I am not sure why Medium’s editors thought this article should reappear nearly a year after it was written.
At the time the Bill of Rights was ratified, slaves were not considered people. They were legally considered property and even today, property does not have civil rights. Not only did they not have the right to keep and bear arms, they did not have any of the “inalienable” rights referred to in the Declaration of Independence or later codified in the Bill of Rights.
California Assemblyman Don Mulford, a conservative from the San Francisco Bay Area, did indeed present the legislation that now bears his name after the Black Panthers entered the capitol. However, California’s first laws aimed at regulating who could carry guns were enacted in 1915 to keep the Chinese from carrying concealed weapons. Chinese gangs were a problem in (Surprise!) the San Francisco area.
The National Rifle Association was created in New York by Union Army officers concerned by the fact that the Confederates, though possessing inferior rifles, were far more effective on the battlefield than Northern soldiers. Confederate snipers were feared throughout the Civil War. The first president of the NRA was Ulysses S. Grant. Presidents of the NRA have included highly decorated military officers, including multiple recipients of the Congressional Medal of Honor. Most of the NRA’s presidents were born in the North or historically free states, such as California.
During the Reconstruction Era, when racist gun laws flourished in many parts of the country, not just the South, the presidents of the NRA were former Union officers.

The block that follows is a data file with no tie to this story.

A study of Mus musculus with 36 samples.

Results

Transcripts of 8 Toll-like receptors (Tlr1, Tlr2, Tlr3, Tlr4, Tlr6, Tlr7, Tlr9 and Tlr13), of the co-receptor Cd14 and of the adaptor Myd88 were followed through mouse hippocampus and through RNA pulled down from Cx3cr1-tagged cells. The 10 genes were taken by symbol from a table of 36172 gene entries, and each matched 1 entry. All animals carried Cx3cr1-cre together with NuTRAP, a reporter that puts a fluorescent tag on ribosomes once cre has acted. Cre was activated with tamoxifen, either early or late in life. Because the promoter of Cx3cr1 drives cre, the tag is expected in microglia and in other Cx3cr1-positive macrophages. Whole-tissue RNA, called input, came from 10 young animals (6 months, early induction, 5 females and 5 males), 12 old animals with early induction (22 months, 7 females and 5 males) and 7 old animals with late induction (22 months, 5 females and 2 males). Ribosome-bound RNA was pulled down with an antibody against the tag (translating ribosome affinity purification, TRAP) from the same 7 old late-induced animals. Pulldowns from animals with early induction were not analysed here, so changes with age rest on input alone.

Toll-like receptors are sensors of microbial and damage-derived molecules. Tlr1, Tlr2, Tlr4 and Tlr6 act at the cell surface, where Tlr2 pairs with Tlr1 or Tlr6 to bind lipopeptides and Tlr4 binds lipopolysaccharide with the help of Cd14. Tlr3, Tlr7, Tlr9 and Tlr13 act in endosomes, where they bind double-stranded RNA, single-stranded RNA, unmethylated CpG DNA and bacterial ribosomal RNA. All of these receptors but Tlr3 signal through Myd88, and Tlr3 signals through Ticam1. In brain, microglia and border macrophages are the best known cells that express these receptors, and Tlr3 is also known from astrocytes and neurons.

NRA board members have included blacks, Hispanics, women, people of various religious faiths and sexual preferences.
The NRA cannot supply information about its demographics because it does not track them. It does not ask prospective members about their gender, race, ethnicity or even if they own a gun.
The assertion that the NRA is somehow racist because it doesn’t bang the drum after incidents of mass shootings or controversial police actions is disingenuous. Unlike gun control enthusiasts, who hope to advance their agenda by commenting on tragedies before any of the facts are known, the NRA has a policy of withholding comment until more information is available. This policy is the product of years of experience. The NRA usually does make a public statement consistent with the information developed by official investigators at the time of the comment.
Gun control advocates have a distressing history of commenting on tragedies while calling for measures that would neither have prevented the incident or reduced the number of victims. The Sandy Hill murders are a perfect example of this callous behavior.
Garbage that was garbage when it was written does not become more fragrant over time, a lesson the editors of the Medium Digest need to take to heart.